The Cost of Child Care in Georgia

The Cost of Child Care in Georgia

By: Economic Policy Institute

Child care in Georgia is expensive.

  • The average annual cost of infant care in Georgia is $7,644—that’s $637 per month.
  • Child care for a 4-year-old costs $6,500, or $542 each month.

Child care is one of the biggest expenses families face.

  • Infant care in Georgia costs $1,030 (15.6%) more per year than in-state tuition for 4-year public college.
  • That makes Georgia one of 33 states and DC where infant care is more expensive than college.
  • In Georgia, infant care costs just 21.3% less than average rent.

Annual cost in Georgia

College: $6,614

Housing: $9,707

4-year-old care: $6,500

Infant care: $7,644


Child care is unaffordable for typical families in Georgia.

  • Infant care for one child would take up 13.8% of a typical family’s income in Georgia.
  • According to the U.S. Department of Health and Human Services (HHS), child care is affordable if it costs no more than 10% of a family’s income. By this standard, only 37.7% of Georgia families can afford infant care.
Families with two children face an even larger burden.
  • Child care for two children—an infant and a 4-year-old—costs $14,144. That’s 45.7% more than average rent in Georgia.
  • Child care for an infant and a 4-year-old costs more than rent in 20 out of 23 metropolitan and rural areas in Georgia.
  • A typical family in Georgia would have to spend 25.5% of their income on child care for an infant and a 4-year-old.

Child care is out of reach for low-wage workers.

  • A minimum-wage worker in Georgia would need to work full time for 26 weeks, or from January to June, just to pay for child care for one infant.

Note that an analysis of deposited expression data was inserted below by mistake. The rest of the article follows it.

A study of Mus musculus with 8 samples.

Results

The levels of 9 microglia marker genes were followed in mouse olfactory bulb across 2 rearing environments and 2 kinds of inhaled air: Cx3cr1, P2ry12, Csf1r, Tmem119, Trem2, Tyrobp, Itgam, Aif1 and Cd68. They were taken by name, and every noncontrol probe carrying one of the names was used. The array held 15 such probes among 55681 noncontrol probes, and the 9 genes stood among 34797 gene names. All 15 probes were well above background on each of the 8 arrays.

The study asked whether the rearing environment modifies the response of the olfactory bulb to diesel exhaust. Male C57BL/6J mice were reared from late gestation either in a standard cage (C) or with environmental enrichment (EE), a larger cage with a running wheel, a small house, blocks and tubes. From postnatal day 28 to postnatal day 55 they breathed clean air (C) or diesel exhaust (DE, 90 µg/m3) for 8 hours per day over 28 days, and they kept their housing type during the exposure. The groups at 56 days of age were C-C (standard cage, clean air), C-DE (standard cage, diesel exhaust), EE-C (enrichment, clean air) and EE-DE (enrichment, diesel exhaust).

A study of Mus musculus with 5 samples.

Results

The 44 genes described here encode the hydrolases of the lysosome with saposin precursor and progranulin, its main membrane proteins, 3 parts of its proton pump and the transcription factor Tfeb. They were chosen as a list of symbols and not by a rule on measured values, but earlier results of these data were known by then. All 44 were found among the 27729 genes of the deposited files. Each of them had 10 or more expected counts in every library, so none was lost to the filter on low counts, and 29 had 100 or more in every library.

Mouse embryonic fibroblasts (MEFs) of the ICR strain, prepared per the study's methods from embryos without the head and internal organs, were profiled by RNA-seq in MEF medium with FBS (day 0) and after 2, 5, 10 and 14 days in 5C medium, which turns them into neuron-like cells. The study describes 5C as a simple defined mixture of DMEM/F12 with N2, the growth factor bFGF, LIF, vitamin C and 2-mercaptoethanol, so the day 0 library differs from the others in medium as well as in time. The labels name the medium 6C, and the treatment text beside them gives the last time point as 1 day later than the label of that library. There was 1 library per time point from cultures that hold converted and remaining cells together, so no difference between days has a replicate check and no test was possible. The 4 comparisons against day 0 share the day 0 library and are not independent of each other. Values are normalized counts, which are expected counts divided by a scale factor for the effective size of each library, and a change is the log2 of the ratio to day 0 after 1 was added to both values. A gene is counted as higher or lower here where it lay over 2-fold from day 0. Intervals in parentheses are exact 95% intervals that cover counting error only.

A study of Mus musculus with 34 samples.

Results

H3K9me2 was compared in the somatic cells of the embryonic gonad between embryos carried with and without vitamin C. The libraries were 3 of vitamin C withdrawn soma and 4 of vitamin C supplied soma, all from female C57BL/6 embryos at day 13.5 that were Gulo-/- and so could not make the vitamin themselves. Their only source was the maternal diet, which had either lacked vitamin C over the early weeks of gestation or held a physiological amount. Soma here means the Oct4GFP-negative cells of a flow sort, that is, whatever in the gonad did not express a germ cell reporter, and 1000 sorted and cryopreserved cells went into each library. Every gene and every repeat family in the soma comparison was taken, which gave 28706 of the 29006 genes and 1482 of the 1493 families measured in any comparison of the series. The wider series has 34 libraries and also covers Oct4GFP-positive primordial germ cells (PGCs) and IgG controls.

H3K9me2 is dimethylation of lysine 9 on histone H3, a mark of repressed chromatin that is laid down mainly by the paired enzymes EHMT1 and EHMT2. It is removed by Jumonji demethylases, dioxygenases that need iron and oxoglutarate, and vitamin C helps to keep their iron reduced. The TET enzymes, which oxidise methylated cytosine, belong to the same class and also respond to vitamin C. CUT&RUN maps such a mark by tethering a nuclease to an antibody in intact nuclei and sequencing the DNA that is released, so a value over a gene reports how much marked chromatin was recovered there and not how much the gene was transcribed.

Yet, child care workers still struggle to get by.
  • Nationally, child care workers’ families are more than twice as likely to live in poverty as other workers’ families (14.7% compared with 6.7%).
  • In 17 out of 22 metropolitan areas in Georgia, more than 90% of child care workers don’t make enough to afford the basic cost of living in their area.
  • A typical child care worker in Georgia would have to spend 40.4%of her earnings to put her own child in infant care.

How big a bite does child care take?
Infant care costs as a share of income in Georgia

Current HHS affordability standard
(new proposed standard: 7%)

For a median family with children

  Infant Care
Share of income to afford infant care 13.8%
Remaining income 86.2%

13.8%$7,644 of $55,411

For a minimum-wage worker

  Infant Care
Share of income to afford infant care 50.7%
Remaining income 49.3%

50.7%$7,644 of $15,080

For a typical child care worker

  Infant Care
Share of income to afford infant care 40.4%
Remaining income 59.6%

40.4%$7,644 of $18,910

 
Quick Stats
  • Annual infant care costs:$7,644
  • Median family income:$55,411
  • Infant care costs as a share of median family income:13.8%
  • Savings to typical families with an infant from capping child care expenditures at 10% of income:$2,103
  • Share of (post–child care) median income freed up by capping infant care expenditures at 10% of income:4.4%
  • Share of families able to afford infant care (i.e., costs are 10% or less of income):37.7%
  • Full-time minimum wage salary:$15,080
  • Infant care costs as a share of minimum-wage earnings:50.7%
  • Median child care worker salary:$18,910
  • Infant care costs as a share of child care worker earnings:40.4%
  • In-state tuition for 4-year public college:$6,614
  • Infant care costs as a share of public college tuition:115.6%
  • Annual rent:$9,707
  • Infant care as a share of rent:78.7%
  • Increase in state’s economy from capping families’ child care expenditures at 10% of income:1.0% ($4.59 billion)
  

Everyone will benefit if we solve this problem.

  • Meaningful child care reform that capped families’ child care expenses at 10% of their income would expand Georgia’s economy by 1.0%. That’s $4.59 billion of new economic activity.
  • A typical Georgia family with an infant could save $2,103 on child care costs if we implemented this reform. This would free up 4.4% of their (post–child care) annual income to spend on other necessities.